Determination of Chelating Agents in Wastewater

The Application Notebook

The Application Notebook, The Application Notebook-02-11-2011, Volume 0, Issue 0

Aminopolycarboxylate chelating agents form stable complexes with transition metals, thereby increasing metal solubility, preventing metal-catalyzed reactions, and removing heavy metal contamination in soil remediation.

Terri T. Christison, Brian M. De Borba, and Jeffrey S. Rohrer, Dionex Corporation

Aminopolycarboxylate chelating agents form stable complexes with transition metals, thereby increasing metal solubility, preventing metal-catalyzed reactions, and removing heavy metal contamination in soil remediation (1,2). Chelating agents are typically discharged from wastewater treatment plants in large quantities and interfere with toxic metal removal, thereby releasing metals into the environment (2). The European Aminocarboxylates Committee established a 2.2 mg/L predicted no effect concentration limit as an acceptable level for chelatings agents (1). Therefore, reliable analytical methods are needed to monitor wastewater for regulatory compliance and address increasing public concerns.

This article describes the determination of µg/L concentrations of four chelators in a municipal wastewater sample. Chelating agents are separated on a high-capacity IonPac® AS7 anion-exchange column using methanesulfonic acid (MSA) and detected by pulsed amperometric detection (PAD) with a Pt electrode. The unique column and PAD provide sensitive and selective detection of chelating agents in high ionic strength wastewater samples.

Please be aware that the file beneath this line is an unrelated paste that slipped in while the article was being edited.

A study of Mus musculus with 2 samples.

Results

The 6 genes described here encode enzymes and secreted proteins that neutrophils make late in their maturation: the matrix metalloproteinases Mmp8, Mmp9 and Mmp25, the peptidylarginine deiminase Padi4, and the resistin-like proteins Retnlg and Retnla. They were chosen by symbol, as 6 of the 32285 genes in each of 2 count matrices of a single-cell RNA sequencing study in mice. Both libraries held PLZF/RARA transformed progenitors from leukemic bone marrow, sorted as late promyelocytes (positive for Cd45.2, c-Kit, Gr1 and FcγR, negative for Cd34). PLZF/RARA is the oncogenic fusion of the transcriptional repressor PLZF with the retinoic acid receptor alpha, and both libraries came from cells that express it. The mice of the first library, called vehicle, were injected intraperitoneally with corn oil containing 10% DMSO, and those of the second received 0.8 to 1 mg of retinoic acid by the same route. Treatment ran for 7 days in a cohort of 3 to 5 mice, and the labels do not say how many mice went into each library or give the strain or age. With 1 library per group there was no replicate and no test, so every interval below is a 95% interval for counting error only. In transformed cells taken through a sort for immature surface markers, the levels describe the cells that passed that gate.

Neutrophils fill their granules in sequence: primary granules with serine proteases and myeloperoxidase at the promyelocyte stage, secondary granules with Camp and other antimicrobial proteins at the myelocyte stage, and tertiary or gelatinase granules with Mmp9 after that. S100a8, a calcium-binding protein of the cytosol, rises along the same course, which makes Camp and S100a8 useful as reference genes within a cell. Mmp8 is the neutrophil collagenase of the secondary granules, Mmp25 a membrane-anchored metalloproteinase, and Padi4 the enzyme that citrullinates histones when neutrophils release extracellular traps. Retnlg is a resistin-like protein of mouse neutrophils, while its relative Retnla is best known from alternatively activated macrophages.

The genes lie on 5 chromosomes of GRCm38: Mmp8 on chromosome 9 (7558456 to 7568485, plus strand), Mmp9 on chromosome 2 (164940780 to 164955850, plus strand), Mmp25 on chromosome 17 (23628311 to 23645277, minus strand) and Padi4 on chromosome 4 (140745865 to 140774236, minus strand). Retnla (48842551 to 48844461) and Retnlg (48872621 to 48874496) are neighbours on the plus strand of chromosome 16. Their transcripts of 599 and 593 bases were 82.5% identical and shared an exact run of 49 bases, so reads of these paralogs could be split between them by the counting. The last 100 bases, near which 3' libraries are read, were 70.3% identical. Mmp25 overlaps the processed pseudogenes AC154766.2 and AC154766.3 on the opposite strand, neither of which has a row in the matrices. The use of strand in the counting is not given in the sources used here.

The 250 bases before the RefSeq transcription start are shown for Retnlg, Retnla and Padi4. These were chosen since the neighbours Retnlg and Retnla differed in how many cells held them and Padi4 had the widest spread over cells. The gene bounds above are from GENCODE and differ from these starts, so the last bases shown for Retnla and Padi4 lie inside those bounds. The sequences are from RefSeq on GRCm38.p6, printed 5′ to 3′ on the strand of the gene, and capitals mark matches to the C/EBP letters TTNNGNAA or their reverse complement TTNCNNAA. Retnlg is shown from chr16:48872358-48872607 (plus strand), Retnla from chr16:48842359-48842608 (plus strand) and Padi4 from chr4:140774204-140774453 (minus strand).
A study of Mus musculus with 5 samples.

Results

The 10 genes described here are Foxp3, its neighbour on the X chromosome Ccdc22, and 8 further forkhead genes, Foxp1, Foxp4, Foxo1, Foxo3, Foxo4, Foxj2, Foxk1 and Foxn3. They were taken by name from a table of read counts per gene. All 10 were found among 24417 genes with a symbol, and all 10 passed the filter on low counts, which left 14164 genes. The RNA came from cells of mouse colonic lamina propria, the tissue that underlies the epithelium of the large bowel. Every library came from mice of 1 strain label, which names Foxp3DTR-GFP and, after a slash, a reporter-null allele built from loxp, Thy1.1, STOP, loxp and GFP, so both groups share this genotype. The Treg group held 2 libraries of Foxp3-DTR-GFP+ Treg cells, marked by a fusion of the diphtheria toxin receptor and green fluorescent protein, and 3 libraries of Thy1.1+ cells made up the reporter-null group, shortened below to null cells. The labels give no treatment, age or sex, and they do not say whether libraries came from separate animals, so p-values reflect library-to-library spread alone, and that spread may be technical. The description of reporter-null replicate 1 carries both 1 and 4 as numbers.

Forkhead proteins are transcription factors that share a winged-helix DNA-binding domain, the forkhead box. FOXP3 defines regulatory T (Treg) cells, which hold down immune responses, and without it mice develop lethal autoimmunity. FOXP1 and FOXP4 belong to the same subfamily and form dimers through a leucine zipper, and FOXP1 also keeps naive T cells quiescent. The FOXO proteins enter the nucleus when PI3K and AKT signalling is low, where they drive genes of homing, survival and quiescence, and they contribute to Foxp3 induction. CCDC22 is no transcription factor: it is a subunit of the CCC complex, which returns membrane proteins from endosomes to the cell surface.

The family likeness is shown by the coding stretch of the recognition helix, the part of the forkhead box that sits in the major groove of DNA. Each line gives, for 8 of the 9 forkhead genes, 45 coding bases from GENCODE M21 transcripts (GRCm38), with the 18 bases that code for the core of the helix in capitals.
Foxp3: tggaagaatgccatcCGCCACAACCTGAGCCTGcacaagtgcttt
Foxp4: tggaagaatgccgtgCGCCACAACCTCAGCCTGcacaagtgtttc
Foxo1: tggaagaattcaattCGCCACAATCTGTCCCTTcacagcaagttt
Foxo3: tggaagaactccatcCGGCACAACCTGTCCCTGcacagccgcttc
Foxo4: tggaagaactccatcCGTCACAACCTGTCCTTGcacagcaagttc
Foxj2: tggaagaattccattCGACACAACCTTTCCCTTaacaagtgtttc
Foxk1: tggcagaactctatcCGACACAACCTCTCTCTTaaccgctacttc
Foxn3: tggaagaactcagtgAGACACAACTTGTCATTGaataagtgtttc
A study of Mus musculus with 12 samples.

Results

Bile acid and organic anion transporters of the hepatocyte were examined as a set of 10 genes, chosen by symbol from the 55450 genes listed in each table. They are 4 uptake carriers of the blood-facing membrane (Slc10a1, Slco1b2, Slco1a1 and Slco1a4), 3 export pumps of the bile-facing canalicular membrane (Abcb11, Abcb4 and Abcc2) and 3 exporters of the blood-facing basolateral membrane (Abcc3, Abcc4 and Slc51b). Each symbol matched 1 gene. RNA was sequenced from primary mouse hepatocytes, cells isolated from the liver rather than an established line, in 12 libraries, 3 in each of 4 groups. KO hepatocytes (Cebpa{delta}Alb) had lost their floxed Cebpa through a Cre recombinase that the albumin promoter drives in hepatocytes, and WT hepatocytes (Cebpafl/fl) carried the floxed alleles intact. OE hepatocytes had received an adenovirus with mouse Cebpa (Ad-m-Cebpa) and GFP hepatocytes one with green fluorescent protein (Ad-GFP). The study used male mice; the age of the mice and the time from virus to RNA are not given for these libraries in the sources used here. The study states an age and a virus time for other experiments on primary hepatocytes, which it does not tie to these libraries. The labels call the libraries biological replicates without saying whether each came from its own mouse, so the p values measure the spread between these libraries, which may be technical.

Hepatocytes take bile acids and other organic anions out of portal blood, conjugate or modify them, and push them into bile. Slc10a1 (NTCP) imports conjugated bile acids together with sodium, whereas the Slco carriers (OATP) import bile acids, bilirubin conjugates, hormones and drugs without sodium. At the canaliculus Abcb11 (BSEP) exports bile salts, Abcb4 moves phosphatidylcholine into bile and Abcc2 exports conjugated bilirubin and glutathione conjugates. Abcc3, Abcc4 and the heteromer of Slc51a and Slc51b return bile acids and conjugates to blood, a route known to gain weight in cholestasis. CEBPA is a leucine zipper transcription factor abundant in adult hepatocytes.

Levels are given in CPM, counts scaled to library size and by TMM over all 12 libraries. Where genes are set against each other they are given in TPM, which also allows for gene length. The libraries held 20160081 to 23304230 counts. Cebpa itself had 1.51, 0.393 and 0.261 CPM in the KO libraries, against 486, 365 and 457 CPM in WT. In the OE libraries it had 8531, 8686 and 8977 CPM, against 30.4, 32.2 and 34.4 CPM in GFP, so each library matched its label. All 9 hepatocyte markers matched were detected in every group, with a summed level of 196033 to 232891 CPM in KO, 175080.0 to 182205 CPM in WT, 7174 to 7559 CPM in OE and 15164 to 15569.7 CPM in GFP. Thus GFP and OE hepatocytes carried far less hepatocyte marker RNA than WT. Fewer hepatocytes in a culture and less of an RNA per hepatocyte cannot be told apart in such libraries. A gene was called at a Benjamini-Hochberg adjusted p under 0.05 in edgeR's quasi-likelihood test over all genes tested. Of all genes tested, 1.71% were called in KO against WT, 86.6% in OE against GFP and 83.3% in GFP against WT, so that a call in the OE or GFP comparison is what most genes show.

Experimental

A Dionex ICS-3000 Ion Chromatography System and Chromeleon® Chromatography Data System software were used in this study. The conditions are listed in Figure 1.

Figure 1: A) A municipal wastewater effluent. B) Sample A with chelates added. Column: IonPac AS7 set, (2 mm); eluent: 35 mM MSA from -5 to 1 min, 100 mM MSA from 1 to 12 min, 35 mM MSA from 12 to 16 min; temperature: 30 °C; flow rate: 0.3 mL/min; trap column: IonPac CTC-1; injection volume: 25 µL; detection: PAD, Pt (2); sample preparation: degassed, filtered, diluted 1:10. Peaks: 1: EDTA (A, 0.024; B, 0.203 mg/L). 2: NTA (A, -; B, 0.210). 3: System. 4: DTPA (A, -; B, 0.259). 5: EGTA (A, 0.18, B, 0.698).

Results

This high-capacity IonPac AS7 column is specifically designed to separate polyvalent anions using a strong acid eluent. The MSA eluent partially protonates the chelates, thus reducing their effective charge and allowing them to bind and elute within <20 min. NTA and EDTA peaks were resolved from the void using 35 mM MSA while DTPA and EGTA eluted in 16 min using 100 mM MSA. The method was sensitive with an LOQ (10 × S/N) of 50–210 µg/L. Figure 1 shows a chromatogram of a 1:10 diluted municipal wastewater effluent sample with and without added chelates (Figures 1A and 1B). PAD selectively detects the chelating agents without detecting common anions. This ion chromatography-PAD method is accurate (95–101% recoveries) and eliminates postcolumn derivatization, which saves money and time.

References

(1) O. J. Grundler et al., Overview of the European Risk Assessment on EDTA. ACS Symposium Series 910, American Chemical Society: Washington, DC, 336–347 (2005).

(2) W. W. Bedsworth et al., Effects of EDTA on Pollutant Metal Removal by Municipal Wastewater Treatment Plants. ACS Presentation, March 26–30, (2000).

(3) Dionex Corporation Application Note 268, (LPN 2664, 2010), Sunnyvale, CA, (2010).

IonPac and Chromeleon are registered trademarks of Dionex Corporation.